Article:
After your parent, spouse, child, or other loved one dies, you may read their will and notice that there are conflicting clauses that make portions of the will seem contradictory or unclear. Because there’s no way to carry out your loved one’s wishes in both clauses, you probably won’t know which clause to follow or whether the inconsistencies impact any other parts of the will.
The potential heirs and legatees will likely have different opinions about what to do with the property impacted by the conflicting clauses, but Louisiana law addresses what will happen if different parts of your loved one’s will conflict.
How to Interpret a Will With Conflicting Clauses
Article 1615 of the Louisiana Civil Code provides two rules for interpreting conflicting clauses within a will. According to the law, when a last will and testament has contradictory provisions, the last provision written prevails and should be followed unless the will contains a legacy of a collection or a group of objects and also a legacy of some or all of the same objects. In that case, the legacy of some of all of the objects prevails.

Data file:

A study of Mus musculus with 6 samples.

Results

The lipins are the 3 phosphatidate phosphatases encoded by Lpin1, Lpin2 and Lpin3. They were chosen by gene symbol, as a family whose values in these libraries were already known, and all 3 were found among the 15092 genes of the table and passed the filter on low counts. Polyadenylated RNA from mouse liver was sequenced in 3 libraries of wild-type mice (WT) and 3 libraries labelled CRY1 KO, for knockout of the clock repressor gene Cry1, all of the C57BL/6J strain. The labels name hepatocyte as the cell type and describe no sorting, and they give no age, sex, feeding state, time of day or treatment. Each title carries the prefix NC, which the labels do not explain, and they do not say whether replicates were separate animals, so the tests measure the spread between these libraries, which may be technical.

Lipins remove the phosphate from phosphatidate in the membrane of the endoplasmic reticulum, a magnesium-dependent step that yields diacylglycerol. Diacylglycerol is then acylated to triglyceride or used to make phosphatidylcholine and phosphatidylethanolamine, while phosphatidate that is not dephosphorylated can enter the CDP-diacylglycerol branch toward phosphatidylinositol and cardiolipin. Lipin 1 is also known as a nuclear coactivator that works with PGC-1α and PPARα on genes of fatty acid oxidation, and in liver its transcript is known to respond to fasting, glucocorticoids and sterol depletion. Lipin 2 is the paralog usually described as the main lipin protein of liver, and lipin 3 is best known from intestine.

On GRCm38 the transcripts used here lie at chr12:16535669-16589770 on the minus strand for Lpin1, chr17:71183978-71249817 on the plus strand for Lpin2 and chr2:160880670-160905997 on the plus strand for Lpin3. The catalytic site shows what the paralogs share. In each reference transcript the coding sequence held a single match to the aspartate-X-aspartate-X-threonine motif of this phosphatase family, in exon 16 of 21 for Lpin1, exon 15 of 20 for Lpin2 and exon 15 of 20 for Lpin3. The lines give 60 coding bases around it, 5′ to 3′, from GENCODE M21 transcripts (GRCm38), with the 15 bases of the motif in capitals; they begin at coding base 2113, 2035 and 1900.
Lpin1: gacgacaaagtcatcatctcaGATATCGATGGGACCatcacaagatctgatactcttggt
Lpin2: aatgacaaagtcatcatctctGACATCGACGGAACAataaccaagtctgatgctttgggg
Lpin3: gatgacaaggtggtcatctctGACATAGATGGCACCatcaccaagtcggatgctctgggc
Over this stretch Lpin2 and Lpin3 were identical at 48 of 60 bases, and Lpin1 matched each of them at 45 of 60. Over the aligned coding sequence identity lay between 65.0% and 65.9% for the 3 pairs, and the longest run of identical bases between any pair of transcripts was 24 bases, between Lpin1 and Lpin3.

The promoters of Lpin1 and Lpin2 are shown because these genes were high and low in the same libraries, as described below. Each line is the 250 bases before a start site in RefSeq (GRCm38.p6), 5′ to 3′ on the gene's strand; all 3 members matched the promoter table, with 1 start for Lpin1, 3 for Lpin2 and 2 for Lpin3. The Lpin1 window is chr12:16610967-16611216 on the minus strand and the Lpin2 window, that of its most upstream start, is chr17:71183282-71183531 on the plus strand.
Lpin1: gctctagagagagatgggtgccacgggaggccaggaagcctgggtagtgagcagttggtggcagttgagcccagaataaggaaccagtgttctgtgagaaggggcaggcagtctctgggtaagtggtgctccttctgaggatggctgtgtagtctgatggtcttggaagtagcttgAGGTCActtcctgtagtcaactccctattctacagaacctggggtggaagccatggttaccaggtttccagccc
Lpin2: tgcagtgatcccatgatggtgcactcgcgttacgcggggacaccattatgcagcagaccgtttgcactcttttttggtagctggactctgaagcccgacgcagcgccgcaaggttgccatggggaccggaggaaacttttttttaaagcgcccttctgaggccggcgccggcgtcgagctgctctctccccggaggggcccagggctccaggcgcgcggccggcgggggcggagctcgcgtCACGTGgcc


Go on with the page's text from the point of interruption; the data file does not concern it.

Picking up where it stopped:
Protect Your Inheritance by Knowing Your Legal Rights
Conflicting clauses in your loved one’s will likely make the status of your inheritance uncertain. However, you may not want to fight with other potential heirs to ensure you inherit what your loved one intended you to have. Accordingly, we encourage you to contact our experienced Louisiana estate litigation lawyers to learn more about your rights. Each year, we help hundreds of Louisiana families with their succession needs, and we are prepared to help you.
Our attorneys will thoroughly review every aspect of your case, advise you of your legal rights, and represent your interests in court. We invite you to schedule an initial consultation by calling us or completing our online contact form.